Traffic fatalities rose 9 percent in the first six months of 2016 compared with a year earlier, according to numbers released by the National Safety Council this week. According to a report in The Wall Street Journal, traffic fatalities have been trending upward since 2014 when the price of gasoline plummeted and a stronger economy put more drivers and vehicles on our roadways. Vermont, Oregon and New Hampshire saw the most increases in traffic accident fatalities.
Until recent years, traffic fatalities were on a decades-long decline hitting a historic low in 2011. But last year saw the biggest percentage increase in traffic deaths in the last 50 years, the NSC reported earlier this year. The NSC also estimated that the total cost for crashes in the first half of 2016 was about $205 billion. When we look at the number of deaths in the first half of this year, it amounts to100 traffic accident deaths a day in 2016.
What’s Causing the Spike?
According to safety officials, some of the causes for this disturbing spike in traffic deaths include lower gas prices and a better economy. But one of the main reasons, they say, for this increase in traffic deaths is distracted driving. While there are the everyday distractions of eating, drinking or grooming while driving, what’s made a significant difference in the last few years is the skyrocketing use of smartphones.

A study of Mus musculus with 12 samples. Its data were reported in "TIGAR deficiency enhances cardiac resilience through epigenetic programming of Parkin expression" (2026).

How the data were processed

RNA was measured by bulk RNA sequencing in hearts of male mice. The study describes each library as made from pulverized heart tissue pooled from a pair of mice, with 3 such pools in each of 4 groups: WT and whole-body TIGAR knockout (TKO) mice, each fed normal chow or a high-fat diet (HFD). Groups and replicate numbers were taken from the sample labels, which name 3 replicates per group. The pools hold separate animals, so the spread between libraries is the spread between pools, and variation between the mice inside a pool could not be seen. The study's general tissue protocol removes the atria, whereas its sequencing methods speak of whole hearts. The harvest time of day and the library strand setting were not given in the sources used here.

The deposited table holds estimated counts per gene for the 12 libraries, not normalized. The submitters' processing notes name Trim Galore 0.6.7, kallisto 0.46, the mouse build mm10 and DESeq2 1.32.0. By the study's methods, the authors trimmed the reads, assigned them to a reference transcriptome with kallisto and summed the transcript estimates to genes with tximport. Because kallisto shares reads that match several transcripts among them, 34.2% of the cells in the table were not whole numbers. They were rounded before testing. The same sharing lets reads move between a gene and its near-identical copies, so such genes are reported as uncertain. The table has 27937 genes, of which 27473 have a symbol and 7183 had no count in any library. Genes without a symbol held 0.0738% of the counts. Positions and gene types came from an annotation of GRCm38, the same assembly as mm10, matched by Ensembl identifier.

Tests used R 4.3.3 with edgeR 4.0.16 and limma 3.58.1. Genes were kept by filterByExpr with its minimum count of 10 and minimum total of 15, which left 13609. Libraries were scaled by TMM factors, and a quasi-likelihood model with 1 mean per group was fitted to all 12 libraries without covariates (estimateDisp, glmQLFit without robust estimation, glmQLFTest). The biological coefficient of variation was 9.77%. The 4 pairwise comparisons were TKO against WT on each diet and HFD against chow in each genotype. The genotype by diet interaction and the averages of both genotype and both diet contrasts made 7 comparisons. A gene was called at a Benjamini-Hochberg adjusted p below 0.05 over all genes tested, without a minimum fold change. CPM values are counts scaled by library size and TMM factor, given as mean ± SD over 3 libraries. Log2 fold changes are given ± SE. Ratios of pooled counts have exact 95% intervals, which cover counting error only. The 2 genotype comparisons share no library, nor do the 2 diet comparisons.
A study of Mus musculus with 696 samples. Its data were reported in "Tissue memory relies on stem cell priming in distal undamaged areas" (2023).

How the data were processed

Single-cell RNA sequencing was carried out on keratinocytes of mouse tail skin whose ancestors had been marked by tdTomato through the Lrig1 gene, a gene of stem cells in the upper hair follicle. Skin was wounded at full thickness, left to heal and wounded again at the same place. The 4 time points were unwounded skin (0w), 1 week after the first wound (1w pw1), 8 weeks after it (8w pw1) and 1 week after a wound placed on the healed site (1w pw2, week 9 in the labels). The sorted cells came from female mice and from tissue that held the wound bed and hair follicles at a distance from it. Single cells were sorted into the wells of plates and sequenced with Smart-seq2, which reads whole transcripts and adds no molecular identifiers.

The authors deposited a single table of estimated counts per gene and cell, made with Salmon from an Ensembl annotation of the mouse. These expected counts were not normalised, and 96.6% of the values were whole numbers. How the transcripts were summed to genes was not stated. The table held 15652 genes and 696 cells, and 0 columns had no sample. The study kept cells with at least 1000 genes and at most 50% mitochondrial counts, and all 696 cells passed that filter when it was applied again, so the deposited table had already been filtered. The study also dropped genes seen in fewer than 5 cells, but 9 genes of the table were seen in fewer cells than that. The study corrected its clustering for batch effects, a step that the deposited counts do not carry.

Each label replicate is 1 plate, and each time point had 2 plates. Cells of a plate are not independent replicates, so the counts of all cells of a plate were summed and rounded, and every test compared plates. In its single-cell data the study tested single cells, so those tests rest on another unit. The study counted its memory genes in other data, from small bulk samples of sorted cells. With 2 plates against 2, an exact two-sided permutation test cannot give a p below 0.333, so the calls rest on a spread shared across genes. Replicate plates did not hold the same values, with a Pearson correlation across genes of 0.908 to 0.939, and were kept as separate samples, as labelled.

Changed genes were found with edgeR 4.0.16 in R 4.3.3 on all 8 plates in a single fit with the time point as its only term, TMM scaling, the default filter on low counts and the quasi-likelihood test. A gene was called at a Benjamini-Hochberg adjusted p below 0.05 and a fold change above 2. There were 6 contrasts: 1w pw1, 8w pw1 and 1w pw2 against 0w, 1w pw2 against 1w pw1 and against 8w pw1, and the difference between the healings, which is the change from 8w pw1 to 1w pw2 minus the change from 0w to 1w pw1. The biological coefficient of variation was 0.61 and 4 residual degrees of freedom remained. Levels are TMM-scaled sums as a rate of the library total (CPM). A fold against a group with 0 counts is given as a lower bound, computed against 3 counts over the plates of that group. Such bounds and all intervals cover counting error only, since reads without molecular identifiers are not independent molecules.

A Growing Scourge
Drivers are not just talking on these phones while driving or texting. As we’ve learned from recent reports, they are taking selfies while driving. They’re posting these images or random thoughts on social media sites while driving. And then, they’re checking these social media sites while driving to see how many people “liked” their posts or commented on them.
We all need to do our part to curb distracted driving. While surveys show that drivers know and acknowledge how dangerous distracted driving can be, they also admit to driving distracted often. It is also important to remember that in addition to facing fines and criminal charges if you injure someone while driving distracted, you could also be held financially responsible for the injuries and damages you cause. Distracted driving is simply not worth it. If you are driving, put your phone away or turn it off so you are never tempted to use it on the road.